A major stroke that paralyzes an arm, leg, and one side of the body, leaving victims unable to take care of themselves, is considered worse than death by 45 percent of patients at risk for stroke. On the other hand, 15 percent of these patients are willing to give up only 2.5 years or life or less out of a possible 10 to avoid a major stroke, according to a study by the Stroke Prevention Patient Outcomes Research Team (PORT). The PORT is supported by the Agency for Health Care Policy and Research (PORT contract 290-92-0028).
The variation in patient response may reflect different attitudes toward physical disability, different religious and ethical values (for example, those opposed to giving up years of life regardless of the circumstances), and other factors, suggests David Matchar, M.D., of Duke University, the PORT's principal investigator.
The researchers surveyed three patient groups, speaking with a total of 1,261 patients who were at risk of stroke. The patients were presented with trade-offs between time in a certain health state and time in excellent health. For example, "Would you prefer living 10 more years following a major stroke or 8 more years in excellent health?" Patients who indicated that 10-year survival after major stroke was equivalent to 0 years in excellent health were asked if they would prefer to live 10 years after a major stroke or die from the stroke the instant it occurred.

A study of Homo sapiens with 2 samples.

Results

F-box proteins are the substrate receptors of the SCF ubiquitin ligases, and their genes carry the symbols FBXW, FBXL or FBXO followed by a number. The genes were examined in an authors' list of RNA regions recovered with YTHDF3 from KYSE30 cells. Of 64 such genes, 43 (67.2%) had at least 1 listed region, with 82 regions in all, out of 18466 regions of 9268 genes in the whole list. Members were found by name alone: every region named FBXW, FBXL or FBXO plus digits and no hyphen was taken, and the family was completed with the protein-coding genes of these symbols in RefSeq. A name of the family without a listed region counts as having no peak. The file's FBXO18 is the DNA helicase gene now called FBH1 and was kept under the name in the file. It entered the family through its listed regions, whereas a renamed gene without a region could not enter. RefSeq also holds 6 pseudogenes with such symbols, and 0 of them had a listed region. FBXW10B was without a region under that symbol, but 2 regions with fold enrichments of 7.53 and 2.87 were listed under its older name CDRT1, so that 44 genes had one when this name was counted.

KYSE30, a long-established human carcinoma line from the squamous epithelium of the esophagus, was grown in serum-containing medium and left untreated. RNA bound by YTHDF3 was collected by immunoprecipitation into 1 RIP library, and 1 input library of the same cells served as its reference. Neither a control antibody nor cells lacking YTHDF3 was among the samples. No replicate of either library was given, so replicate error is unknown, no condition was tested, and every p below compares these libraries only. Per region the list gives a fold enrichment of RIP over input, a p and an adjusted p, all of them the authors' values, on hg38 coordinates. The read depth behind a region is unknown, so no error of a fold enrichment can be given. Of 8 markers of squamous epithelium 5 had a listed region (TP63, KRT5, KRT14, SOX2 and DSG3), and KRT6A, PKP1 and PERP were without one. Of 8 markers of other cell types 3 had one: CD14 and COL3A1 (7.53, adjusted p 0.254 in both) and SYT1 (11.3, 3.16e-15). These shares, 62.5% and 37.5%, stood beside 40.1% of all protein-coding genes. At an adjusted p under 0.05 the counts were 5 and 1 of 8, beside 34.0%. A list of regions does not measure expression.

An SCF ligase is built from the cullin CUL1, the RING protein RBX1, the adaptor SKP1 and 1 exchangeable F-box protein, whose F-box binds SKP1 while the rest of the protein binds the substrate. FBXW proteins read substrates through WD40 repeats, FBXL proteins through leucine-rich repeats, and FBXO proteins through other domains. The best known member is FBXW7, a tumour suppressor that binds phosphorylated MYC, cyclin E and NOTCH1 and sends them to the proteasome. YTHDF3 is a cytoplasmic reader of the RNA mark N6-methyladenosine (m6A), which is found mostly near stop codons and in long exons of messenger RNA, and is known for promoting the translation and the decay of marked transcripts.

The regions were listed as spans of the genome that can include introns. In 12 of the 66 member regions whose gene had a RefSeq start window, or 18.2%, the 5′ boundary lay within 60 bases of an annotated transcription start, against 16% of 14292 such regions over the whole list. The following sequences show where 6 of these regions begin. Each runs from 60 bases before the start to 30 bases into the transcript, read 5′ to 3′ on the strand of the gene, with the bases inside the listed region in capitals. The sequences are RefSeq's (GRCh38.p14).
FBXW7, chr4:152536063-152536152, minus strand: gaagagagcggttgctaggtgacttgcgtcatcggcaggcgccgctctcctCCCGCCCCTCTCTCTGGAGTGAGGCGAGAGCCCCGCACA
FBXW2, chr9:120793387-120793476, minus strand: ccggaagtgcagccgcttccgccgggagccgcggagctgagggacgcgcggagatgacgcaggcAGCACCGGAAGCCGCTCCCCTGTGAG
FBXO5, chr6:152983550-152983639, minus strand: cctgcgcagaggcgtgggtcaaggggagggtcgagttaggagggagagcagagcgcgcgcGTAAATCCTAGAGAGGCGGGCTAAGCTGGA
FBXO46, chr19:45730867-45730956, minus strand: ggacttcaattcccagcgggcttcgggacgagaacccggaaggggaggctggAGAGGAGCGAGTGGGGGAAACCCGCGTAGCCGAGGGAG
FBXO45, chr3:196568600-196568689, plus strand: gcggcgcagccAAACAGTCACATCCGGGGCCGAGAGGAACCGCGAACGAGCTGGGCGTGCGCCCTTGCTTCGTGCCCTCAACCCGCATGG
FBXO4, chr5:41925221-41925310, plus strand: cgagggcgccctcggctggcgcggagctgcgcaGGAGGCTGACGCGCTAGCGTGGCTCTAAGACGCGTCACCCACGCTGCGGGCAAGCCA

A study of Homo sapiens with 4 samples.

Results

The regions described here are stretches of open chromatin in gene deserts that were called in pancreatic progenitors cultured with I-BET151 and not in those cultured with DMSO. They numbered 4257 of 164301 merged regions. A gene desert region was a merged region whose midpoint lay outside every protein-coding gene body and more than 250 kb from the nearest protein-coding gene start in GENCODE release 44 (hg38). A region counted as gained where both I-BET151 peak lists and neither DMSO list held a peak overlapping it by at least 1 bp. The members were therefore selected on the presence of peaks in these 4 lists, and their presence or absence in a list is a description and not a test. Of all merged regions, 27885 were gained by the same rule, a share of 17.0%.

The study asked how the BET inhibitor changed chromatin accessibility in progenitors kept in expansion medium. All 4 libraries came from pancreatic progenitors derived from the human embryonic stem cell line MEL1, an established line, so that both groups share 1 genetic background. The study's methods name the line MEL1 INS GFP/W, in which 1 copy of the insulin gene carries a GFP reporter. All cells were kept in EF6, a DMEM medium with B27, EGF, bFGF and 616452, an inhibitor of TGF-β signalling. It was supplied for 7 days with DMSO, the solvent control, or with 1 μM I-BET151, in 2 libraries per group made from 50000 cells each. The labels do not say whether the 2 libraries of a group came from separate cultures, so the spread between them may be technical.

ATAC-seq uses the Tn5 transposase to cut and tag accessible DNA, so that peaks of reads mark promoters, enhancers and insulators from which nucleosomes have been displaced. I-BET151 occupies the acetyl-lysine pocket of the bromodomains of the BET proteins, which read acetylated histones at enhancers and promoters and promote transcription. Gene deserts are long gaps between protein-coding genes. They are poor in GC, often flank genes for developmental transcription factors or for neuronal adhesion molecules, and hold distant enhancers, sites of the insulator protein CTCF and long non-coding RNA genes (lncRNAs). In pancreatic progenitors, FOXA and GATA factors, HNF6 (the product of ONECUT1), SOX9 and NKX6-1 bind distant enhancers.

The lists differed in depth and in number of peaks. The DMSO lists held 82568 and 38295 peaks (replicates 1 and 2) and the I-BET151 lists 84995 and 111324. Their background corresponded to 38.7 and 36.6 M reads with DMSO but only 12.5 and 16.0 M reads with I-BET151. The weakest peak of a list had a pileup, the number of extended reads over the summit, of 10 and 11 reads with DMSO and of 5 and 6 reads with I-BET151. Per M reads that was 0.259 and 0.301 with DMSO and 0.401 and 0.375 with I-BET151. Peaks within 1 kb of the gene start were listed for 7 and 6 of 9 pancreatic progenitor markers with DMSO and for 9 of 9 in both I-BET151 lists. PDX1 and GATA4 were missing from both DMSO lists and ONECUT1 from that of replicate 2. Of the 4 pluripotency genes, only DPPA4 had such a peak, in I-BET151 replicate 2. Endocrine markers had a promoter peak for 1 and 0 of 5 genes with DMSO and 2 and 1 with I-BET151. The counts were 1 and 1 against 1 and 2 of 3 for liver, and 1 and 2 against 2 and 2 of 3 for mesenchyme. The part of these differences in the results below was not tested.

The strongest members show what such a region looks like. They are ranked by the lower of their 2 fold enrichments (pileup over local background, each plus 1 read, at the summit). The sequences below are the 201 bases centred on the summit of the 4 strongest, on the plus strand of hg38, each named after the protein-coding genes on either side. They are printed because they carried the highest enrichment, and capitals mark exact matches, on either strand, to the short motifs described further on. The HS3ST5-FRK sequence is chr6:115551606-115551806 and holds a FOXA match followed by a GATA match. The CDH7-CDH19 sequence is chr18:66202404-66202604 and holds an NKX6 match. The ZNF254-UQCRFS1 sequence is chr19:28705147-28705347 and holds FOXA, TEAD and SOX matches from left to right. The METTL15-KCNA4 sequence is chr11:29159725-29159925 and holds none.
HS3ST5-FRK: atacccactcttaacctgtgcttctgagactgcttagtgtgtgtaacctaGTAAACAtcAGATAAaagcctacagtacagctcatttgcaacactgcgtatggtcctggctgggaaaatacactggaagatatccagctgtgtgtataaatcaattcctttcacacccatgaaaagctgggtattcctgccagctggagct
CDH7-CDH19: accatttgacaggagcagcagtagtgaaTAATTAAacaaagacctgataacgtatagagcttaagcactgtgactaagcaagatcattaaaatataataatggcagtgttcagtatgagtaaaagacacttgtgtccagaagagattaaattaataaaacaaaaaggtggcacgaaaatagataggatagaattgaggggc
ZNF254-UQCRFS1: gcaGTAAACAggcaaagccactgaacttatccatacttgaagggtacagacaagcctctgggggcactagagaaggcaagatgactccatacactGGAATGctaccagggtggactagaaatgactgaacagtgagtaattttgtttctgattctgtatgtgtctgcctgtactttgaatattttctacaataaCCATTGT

Results showed that on a scale of 0 (death) to 1 (perfect health), most people described the state of health after a major stroke as a mere 0.30. However, willingness to trade off years of life to avoid a stroke varied. Although 45 percent considered a major stroke to be worse than death, 15 percent were willing to trade off little or no survival to avoid it.
Providers should speak directly with patients who are at risk of stroke about their preferences, recommend the researchers. Stroke-related interventions, even those that are costly or have undramatic clinical benefits, are likely to have different cost-effectiveness implications if they can prevent a major stroke considered abhorrent by the patient. Obviously, the more abhorrent the patient views the consequences of a stroke, the more willing he or she may be to accept the intervention.
More details are in "Utilities for major stroke: Results from a survey of preferences among persons at increased risk for stroke," by Gregory P. Samsa, Ph.D., Dr. Matchar, Larry Goldstein, M.D., and others, in the October 1998 American Heart Journal 136(4), pp. 703-713.